By: Ashleigh Viveiros, SNN Senior Editor Garden Valley Collegiate, Winkler, MB

“ When the wedding with the king's son was to be celebrated, the two false sisters came and wanted to get into favor with Cinderella and share her good fortune. When the betrothed couple went to church, the elder was at the right side and the younger at the left, and the pigeons pecked out one eye from each of them. Afterwards as they came back the elder was at the left, and the younger at the right, and then the pigeons pecked out the other eye from each. And thus, for their wickedness and falsehood, they were punished with blindness all their days.” (

This doesn’t exactly sound like the Cinderella story we all know and love, does it? That’s because this is the ending of the true story (well, as true as a fairy tale can be). The truth is that the fairy tales that we are most familiar with are really adaptations of older, more violent tales.

Perhaps the most famous of fairy tales come from the collection of two men, Jacob and Wilhelm Grimm, who have become best known as simply the brothers Grimm. Their collection of German folk tales reads like a “who’s who” list of classic fairy tale characters: Snow Drop (Snow White), Ashputtel (Cinderella), Rose-Bud (Sleeping Beauty), Rumpelstiltskin...the list is extensive, as was their meticulous research.

The Grimm brothers lived at a time when Germany was under French control and the brothers, who saw themselves as “patriotic folklorists”, hoped to preserve Germany’s rich heritage by documenting the stories in their originally told form. They accomplished this in the 1812 story collection that they called Children’s and Household Tales. The Grimm brothers prided themselves on having changed nothing in the telling of the tales. But these stories weren’t for children, they were written strictly for an adult audience--where scholarly footnotes took up almost as much room as the tales themselves.

Although the brothers Grimm were the first to write down the oral tales, the stories themselves had been around for centuries beforehand. They originated in medieval Europe and, therefore, reflected the medieval beliefs, including all their crudeness and barbarities. The stories were meant to show a cruel world with awful punishment for wrong doers and great reward for the good. Each tale had its own moral-don’t talk to strangers, work hard, obey your parents--morals that still have a place in all societies.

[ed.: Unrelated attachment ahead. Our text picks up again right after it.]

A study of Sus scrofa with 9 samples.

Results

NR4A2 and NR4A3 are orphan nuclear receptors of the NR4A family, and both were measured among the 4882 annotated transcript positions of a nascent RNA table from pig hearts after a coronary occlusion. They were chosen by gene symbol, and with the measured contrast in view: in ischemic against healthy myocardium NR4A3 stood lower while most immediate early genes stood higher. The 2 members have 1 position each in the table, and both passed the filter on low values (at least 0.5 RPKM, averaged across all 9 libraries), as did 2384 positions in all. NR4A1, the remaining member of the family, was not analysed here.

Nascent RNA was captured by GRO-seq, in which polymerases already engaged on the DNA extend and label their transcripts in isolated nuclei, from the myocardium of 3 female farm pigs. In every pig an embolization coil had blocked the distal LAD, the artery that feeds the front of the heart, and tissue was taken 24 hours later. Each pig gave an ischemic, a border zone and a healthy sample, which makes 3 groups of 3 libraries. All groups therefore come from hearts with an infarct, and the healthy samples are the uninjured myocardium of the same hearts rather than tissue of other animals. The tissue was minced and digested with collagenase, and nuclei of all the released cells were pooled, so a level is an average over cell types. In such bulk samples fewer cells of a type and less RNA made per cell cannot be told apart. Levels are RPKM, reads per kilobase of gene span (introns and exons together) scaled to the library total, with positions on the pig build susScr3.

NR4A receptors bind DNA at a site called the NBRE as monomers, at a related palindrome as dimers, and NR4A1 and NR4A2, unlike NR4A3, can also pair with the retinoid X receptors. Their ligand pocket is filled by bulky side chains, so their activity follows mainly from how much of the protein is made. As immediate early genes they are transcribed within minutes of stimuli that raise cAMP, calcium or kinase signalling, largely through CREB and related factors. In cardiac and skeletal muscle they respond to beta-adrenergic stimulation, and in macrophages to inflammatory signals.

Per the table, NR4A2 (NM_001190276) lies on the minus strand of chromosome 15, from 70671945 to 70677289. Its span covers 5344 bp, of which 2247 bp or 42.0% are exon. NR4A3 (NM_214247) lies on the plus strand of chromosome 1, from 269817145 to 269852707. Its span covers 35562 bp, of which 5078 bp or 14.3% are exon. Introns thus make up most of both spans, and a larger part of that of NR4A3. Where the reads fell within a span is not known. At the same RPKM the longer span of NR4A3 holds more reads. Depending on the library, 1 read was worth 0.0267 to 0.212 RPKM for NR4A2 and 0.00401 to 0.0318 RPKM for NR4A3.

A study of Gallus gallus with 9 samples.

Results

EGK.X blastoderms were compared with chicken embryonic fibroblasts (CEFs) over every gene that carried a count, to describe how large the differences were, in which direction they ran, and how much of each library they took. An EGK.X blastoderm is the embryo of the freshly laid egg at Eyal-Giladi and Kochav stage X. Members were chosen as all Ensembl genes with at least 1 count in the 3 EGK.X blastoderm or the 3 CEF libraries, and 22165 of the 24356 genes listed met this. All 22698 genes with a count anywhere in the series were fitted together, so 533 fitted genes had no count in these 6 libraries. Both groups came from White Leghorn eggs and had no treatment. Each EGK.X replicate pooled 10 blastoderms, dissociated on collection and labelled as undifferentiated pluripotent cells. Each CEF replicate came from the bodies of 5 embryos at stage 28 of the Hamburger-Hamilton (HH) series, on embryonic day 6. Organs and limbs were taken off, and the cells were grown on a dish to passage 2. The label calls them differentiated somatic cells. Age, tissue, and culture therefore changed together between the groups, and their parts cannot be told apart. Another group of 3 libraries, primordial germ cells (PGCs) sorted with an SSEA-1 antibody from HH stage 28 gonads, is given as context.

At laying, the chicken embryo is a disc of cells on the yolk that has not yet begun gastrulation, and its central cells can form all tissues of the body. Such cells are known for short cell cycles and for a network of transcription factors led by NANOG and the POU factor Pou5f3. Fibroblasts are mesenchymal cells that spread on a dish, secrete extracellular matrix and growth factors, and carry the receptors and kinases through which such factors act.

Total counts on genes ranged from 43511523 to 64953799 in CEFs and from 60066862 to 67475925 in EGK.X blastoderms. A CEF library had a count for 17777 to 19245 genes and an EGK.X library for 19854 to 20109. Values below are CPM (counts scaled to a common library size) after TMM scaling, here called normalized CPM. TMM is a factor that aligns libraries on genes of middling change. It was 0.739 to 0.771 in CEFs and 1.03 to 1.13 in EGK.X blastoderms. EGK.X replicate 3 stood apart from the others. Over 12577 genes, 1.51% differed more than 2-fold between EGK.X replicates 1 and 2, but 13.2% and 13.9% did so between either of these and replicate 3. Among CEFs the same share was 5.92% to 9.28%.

Disney came out with its first full length animated movie Snow White and the Seven Dwarfs, in 1937. It was the first of five animated adaptations of the classic Grimm brother fairy tales. Snow White was followed by the 1938 The Brave Little Tailor, the 1950 Cinderella, the 1959 Sleeping Beauty, and the 1991 Beauty and the Beast and, though these movies are the version that generations of people know best, they tend to leave out major parts of the original stories.

Instead of the violence and awful punishment seen in the originals, Disney shortened the story-lines, added musical and comedic relief, and softened the punishment for the bad guys. The tales’ main purpose was no longer to scare little kids into obeying the stories’ morals; instead, they are now meant to entertain while still sneaking in these morals.

Despite the fact that some of the basic morals were right, the way they went about them was much more violent than we are used to today. In the original version of Cinderella, for example, the whole story is quite different: First of all, Cinderella’s father doesn’t die. In fact, he stays alive and ignores the abuses that his daughter suffers at the hands of her evil step-mother and sisters. Also, when the prince comes with the glass slipper, one evil step-sister cuts off her big toe so she will fit into the shoe. The prince thinks that she must be his true love and rides off to the palace with her. But, when a little birdie warns him to look at the blood on her foot, he realizes he has been deceived and brings her back. The second sister cuts off part of her heel to fit the shoe, and she, too, rides off with the prince. Once again the prince learns of the deception and brings her back. Finally, he finds Cinderella and she is the one who rightfully fits the slipper. But, as you read earlier, the story doesn’t end there. The mean step-sisters get their eyes gouged out as punishment for their cruelness and deception.

The tale of Snow White is also quite different from the Disney version. In the Grimm’s version, the evil queen tries to kill Snow White three times. Once with a killer corset that the queen tied so tight that Snow White couldn’t breath, and the second with a poison comb. Both times the dwarfs came back from their work and managed to save her. But the third time, and this is the way we know it best, Snow White was poisoned by a apple given to her by the queen. Of course, in the Disney version, the handsome prince kisses Snow White to bring her back to life, but, in the original, the prince is actually taking her glass coffin home to his palace, when the piece of apple that killed Snow White is dislodged by accident. Snow White awakens and they live happily ever after. But not before they make the evil queen dance to her death in hot iron slippers at their wedding.

Fairy tales will be around for centuries more to come for many reasons, but mainly because they have the power to touch our imaginations and because they lend themselves so easily to the current society’s own adaptations. The original tales remain and I urge any of you who have an interest in the real versions of your favorite stories, to check them out. You might be surprised at how different they really were from the versions that we are used to today.